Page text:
Atmos. Chem. Phys. Discuss., 9, 12065-12099, 2009
www.atmos-chem-phys-discuss.net/9/12065/2009/
doi:10.5194/acpd-9-12065-2009
© Author(s) 2009. This work is distributed
under the Creative Commons Attribution 3.0 License.
Review Status
This discussion paper has been under review for the journal Atmospheric Chemistry and Physics (ACP). Please refer to the corresponding final paper in ACP.
Retrieval of cloud liquid water distributions from a single scanning microwave radiometer aboard a mobile platform – Part 2: Observation system simulation experiments
D. Huang1, A. Gasiewski2, and W. Wiscombe1,3
1Environmental Sciences Department, Brookhaven National Laboratory, 75 Rutherford Dr., Upton, NY 11973, USA
2University of Colorado, Boulder, CO 80309, USA
3NASA Goddard Space Flight Center (code 913), Greenbelt, MD 20771, USA

Abstract. Part 1 of this research reveals that many conditions of the 2003 cloud tomography experiment at the Wakasa Bay were not ideal for the tomographic retrieval purpose. For example, the aircraft flew too fast and its altitude was too high. Part 2 (this paper) then focuses on the examination of several possible improvements on the mobile cloud tomography method by means of observation system simulation experiment. We find that the incorporation of the L1 norm total variation regularization in the tomographic retrieval algorithm better reproduces small scale discontinuous structure than the widely used L2 norm Tikhonov regularization and successfully resolves sharp cloud edges. The simulation experiments reveal that a typical ground-based mobile cloud tomography setup substantially outperforms an airborne one because of its slower moving speed and greater contrast in microwave brightness between clouds and the cosmic background. The simulations show that, as expected, the retrieval error increases monotonically with radiometer noise level and the uncertainty in background brightness temperature. It is also revealed that a slower platform or a faster scanning radiometer results in more scan cycles and better overlapping between the swaths of successive scan cycles, both of which are highly favorable for cloud tomography retrieval. The last factor examined is aircraft height. It is shown that the best retrieval is obtained when the aircraft data are collected at the altitudes between 500 m to 1000 m above the cloud top. To summarize, this research demonstrates the feasibility of tomographically retrieving cloud structure using current scanning microwave radiometer technology and provides several general guidelines by which to improve future field-based studies of cloud tomography.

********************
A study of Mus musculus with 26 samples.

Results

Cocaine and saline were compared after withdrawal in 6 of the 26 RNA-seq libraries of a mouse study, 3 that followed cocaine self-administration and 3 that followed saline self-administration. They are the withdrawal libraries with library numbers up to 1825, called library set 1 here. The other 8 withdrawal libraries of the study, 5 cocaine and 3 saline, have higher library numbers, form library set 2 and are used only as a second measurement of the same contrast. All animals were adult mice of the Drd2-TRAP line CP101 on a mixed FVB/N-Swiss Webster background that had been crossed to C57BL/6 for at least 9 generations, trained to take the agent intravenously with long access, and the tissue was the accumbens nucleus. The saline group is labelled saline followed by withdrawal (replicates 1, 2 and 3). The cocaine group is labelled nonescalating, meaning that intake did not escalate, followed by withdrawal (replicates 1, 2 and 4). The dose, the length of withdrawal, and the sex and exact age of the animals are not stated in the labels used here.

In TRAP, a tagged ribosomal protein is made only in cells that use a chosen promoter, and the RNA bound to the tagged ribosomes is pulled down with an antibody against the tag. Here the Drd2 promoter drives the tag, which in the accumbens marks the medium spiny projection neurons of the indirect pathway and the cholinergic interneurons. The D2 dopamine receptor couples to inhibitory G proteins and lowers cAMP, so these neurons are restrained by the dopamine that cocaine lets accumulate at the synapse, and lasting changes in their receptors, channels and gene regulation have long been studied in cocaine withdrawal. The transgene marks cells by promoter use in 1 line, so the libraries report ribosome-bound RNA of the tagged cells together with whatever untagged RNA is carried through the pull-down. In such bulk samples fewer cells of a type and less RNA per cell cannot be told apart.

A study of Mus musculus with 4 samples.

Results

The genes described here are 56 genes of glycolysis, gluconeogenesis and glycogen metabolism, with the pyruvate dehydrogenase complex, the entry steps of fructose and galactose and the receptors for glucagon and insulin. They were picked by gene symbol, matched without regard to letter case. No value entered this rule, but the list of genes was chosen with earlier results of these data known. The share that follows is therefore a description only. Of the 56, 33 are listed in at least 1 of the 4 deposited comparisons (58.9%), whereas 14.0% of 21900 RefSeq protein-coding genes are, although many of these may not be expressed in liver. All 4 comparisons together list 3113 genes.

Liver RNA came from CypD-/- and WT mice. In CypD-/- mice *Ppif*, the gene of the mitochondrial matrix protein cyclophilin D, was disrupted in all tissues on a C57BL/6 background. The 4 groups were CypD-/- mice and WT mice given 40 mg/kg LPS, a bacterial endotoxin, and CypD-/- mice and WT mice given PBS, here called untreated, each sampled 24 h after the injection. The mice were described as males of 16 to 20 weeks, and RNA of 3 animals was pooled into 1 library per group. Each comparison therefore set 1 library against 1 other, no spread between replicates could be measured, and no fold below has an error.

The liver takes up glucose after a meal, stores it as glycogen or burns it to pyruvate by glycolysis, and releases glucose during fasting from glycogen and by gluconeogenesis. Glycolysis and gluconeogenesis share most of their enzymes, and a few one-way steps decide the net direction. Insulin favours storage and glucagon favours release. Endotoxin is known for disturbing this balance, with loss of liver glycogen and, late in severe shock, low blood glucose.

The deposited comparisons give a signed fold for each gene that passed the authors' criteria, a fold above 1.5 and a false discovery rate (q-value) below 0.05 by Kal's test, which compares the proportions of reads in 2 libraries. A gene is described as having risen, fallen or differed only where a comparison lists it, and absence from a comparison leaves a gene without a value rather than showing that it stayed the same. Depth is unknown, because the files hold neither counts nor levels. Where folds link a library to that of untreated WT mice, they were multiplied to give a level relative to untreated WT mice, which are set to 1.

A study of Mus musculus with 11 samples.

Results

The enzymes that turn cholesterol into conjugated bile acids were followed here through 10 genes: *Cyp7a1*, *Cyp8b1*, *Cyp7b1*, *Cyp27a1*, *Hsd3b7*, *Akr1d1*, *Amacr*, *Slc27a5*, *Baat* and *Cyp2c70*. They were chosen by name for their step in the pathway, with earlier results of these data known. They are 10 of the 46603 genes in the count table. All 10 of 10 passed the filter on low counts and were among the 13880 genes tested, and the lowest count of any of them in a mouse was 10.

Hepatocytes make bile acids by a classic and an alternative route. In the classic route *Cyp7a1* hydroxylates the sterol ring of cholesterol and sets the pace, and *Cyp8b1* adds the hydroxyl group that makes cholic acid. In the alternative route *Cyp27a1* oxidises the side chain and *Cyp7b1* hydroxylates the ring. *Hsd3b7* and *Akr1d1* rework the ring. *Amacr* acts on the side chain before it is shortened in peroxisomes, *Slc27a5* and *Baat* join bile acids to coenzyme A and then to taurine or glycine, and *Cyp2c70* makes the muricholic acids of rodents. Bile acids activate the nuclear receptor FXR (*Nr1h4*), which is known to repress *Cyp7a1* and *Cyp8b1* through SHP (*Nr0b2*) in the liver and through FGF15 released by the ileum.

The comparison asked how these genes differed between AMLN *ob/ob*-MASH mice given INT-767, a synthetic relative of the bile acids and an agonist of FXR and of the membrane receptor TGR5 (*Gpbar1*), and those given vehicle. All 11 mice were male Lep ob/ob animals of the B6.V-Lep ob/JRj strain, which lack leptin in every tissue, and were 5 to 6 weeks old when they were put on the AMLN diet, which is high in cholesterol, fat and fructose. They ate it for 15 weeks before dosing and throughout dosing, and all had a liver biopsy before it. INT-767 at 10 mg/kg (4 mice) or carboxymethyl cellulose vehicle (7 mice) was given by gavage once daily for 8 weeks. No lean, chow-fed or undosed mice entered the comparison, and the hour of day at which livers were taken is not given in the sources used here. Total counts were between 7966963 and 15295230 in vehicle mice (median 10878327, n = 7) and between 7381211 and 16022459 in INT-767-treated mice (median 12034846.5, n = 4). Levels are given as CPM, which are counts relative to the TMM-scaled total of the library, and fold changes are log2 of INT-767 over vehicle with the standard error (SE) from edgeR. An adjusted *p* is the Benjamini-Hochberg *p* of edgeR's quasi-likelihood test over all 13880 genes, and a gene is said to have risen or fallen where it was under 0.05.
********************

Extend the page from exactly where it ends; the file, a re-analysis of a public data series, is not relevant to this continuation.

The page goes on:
Citation: Huang, D., Gasiewski, A., and Wiscombe, W.: Retrieval of cloud liquid water distributions from a single scanning microwave radiometer aboard a mobile platform – Part 2: Observation system simulation experiments, Atmos. Chem. Phys. Discuss., 9, 12065-12099, doi:10.5194/acpd-9-12065-2009, 2009.